Following the re-election of the Labor State Government on Saturday, 31 October 2020, Health Consumers Queensland was encouraged to see 20 consumers from our Community of Interest (and welcome new faces) at our Consumer Conversation this week to set out your priorities and solutions for the public health system during the next four years. A further 48 consumers have completed an online survey and we thank you all for expressing your views with such clarity and purpose.
You were quick to praise Queensland Health for its COVID-19 response and the way it has listened to the consumer voice. Many support the innovative models of care which were adopted during the past eight months including telehealth and care including maternity care and hospital care delivered at home or in community settings.
You would like the Government to build on these achievements and innovations to ensure that all Queenslanders have access to quality care. The key priorities identified by consumers are as follows:
- How often do we consider what the healthcare system does to keep us safe?
- Have you ever felt uncomfortable or unsafe when receiving healthcare?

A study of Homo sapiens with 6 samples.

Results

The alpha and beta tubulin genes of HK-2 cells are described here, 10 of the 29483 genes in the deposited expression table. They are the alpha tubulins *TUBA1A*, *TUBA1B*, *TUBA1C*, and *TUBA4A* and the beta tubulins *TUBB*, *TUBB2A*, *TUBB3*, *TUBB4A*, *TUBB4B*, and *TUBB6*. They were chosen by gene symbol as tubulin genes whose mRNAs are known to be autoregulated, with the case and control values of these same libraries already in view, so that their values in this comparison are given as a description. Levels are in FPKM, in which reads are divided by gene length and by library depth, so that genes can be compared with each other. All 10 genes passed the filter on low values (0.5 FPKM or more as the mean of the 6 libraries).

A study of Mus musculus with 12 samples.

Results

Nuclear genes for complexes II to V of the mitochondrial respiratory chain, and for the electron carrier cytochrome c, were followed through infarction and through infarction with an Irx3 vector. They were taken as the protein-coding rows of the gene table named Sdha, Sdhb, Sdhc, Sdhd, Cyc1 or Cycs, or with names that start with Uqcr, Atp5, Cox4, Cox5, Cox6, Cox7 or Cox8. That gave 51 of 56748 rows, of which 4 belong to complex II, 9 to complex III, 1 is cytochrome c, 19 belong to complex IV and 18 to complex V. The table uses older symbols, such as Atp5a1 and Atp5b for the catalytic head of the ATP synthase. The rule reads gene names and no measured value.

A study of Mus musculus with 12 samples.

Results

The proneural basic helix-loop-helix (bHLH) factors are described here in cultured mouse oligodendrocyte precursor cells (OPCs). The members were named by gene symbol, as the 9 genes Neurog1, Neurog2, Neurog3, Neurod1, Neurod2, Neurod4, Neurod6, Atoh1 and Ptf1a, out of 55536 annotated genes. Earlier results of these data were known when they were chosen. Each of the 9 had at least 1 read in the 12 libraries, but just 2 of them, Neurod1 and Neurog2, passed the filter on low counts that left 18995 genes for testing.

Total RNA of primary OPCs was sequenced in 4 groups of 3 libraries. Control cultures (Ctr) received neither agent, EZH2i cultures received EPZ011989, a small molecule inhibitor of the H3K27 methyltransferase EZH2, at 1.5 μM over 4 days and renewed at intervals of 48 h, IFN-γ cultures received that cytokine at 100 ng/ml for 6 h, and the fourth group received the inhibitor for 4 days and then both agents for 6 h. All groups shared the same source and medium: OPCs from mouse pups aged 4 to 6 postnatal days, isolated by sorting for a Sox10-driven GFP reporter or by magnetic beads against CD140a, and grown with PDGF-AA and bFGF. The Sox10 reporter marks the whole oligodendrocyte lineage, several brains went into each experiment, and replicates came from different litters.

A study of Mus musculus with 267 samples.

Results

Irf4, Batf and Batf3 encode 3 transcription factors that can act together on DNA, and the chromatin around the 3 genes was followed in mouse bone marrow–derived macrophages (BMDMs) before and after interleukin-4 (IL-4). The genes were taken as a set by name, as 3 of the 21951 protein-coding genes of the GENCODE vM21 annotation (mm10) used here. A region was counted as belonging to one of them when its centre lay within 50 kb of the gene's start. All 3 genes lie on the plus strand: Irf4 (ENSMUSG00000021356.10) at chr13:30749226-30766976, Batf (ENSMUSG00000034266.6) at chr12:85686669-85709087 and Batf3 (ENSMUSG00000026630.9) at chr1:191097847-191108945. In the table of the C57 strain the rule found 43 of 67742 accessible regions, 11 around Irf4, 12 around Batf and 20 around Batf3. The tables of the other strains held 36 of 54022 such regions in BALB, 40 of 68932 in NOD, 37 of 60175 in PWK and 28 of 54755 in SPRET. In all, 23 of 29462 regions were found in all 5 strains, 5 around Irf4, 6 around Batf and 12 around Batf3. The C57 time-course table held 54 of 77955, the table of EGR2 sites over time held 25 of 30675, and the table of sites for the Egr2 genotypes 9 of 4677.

- Do you feel you can speak up if you do start to feel unsafe?
This was Health Consumers Queensland’s 21st conversation with consumers and carers since March 2020. It was clear from the conversation that although consumers assume they are getting care in a safe system and many of the safety nets are invisible to us, consumers can clearly identify and describe what unsafe care (and unsafe environment) fees like to them. All of the 28 people who attended brought their passion and their experience to this conversation, everyone had something to say. Safety is one of the tenets of the Australian Charter for Healthcare Rights.
We heard clearly how much safety matters to everyone who accesses health care. Yet what it looks, feels, sounds and tastes like for each of us is unique – and extends far beyond a single perspective of clinical safety. What feels safe for one person, may not feel safe another.